SOR #2 (HSC social worker)
Monday, November 19
Dr. Gary Altman spent between 45 minutes and an hour with Samantha Kematch and Steve Sinclair one September day in 2000.
The psychiatrist testified today that he was only asked to determine whether Kematch suffered from depression.
At the time, Altman was doing some consulting work for Winnipeg Child and Family Services (CFS). He would periodically meet with foster parents and other clients referred to him by the agency.
Unlike when he would see a medical consult, Altman was not asked to file a written report to the CFS agency after each session.
Rather, he was just expected to have a verbal debrief with a social worker and share his impressions of the client in question. The CFS worker would then incorporate his views into a summary -- often weeks after the fact.
With a system like that in place, it isn't surprising that the doctor did not wholly agree with the CFS account of his assessment of Kematch.
Altman carefully chose his words today, taking some long pauses and
reluctantly agreeing that maybe he didn't have all the facts he needed.
But as was pointed out numerous times during his time on the stand, Altman wasn't there to assess whether Kematch was fit to parent. He was just asked to figure out whether she was depressed.
Altman did take exception to the CFS record that stated he didn't think Kematch needed any further assessments. He said he did not remember saying that.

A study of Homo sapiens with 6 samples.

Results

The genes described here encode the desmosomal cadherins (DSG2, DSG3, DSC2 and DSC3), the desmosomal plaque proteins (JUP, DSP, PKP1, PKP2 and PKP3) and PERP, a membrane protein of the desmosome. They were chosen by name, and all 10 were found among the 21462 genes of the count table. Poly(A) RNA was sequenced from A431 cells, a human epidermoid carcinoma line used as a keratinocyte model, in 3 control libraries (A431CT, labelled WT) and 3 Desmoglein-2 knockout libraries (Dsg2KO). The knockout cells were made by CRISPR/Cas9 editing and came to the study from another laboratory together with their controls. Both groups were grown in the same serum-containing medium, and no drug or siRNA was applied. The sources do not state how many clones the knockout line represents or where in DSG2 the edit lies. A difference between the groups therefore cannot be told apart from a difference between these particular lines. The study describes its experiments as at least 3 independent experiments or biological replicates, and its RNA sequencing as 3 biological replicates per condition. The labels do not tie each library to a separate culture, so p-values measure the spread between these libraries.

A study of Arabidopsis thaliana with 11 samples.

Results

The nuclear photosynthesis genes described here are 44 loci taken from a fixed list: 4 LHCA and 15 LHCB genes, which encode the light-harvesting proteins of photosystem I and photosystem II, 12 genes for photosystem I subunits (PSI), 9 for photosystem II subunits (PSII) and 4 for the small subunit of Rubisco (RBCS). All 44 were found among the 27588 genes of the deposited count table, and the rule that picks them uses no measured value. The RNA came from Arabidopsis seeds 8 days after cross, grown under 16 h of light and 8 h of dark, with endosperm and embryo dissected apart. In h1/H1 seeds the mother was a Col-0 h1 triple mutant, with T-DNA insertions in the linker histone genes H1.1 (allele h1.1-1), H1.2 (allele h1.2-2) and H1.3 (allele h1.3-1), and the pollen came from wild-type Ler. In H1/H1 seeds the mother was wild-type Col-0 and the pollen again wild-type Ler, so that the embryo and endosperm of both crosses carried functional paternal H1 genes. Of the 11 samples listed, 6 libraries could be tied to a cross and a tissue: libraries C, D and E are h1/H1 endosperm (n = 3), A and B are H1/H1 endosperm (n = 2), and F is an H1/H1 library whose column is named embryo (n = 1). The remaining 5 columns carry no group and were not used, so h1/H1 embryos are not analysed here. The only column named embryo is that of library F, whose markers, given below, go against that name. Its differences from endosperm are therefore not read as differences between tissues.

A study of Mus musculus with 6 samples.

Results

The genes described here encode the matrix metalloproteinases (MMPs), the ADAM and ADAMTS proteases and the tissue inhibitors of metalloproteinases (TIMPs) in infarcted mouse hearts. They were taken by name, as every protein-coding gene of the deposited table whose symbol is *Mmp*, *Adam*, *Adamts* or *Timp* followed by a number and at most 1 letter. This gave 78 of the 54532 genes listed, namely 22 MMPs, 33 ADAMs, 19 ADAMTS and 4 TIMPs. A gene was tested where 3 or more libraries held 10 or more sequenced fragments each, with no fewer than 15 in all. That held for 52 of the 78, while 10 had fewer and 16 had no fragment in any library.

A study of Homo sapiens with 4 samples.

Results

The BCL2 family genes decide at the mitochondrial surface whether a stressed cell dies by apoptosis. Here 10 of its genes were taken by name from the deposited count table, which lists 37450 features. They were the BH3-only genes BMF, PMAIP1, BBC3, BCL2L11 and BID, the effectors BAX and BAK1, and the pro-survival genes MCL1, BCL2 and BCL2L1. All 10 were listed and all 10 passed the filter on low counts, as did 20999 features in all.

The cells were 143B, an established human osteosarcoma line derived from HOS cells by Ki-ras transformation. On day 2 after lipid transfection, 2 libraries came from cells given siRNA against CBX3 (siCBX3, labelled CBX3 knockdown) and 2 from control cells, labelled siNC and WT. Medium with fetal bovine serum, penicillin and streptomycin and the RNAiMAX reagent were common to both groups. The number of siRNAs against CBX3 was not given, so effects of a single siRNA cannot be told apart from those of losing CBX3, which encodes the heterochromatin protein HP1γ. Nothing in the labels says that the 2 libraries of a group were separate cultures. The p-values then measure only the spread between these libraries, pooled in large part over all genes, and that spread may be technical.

Altman also expressed concerns that Kematch and Sinclair's relationship might be troubled. He was worried that their sex life, commitment level and ability to parent as a unit might be compromised.
Those points never made it into the CFS report of his assessment.
We also heard Altman didn't exactly have a wealth of knowledge upon which to base his assessment. He did not have access to CFS files that explained why Kematch's first child was taken into care.
He also had not read Kematch's own child in care files, which reveal that at 14 years old, the troubled girl had an eating disorder, would hoard food, and was possibly depressed.
It was also revealed at today's hearing that around the same time Phoenix had been returned to her parents, they were drinking heavily and smoking a lot of dope.
No one -- not their CFS workers, nor the psychiatrist -- knew that Phoenix was already in troubled waters.
With CBC's Katie Nicholson where an inquiry is trying to figure out how a little girl fell through the cracks.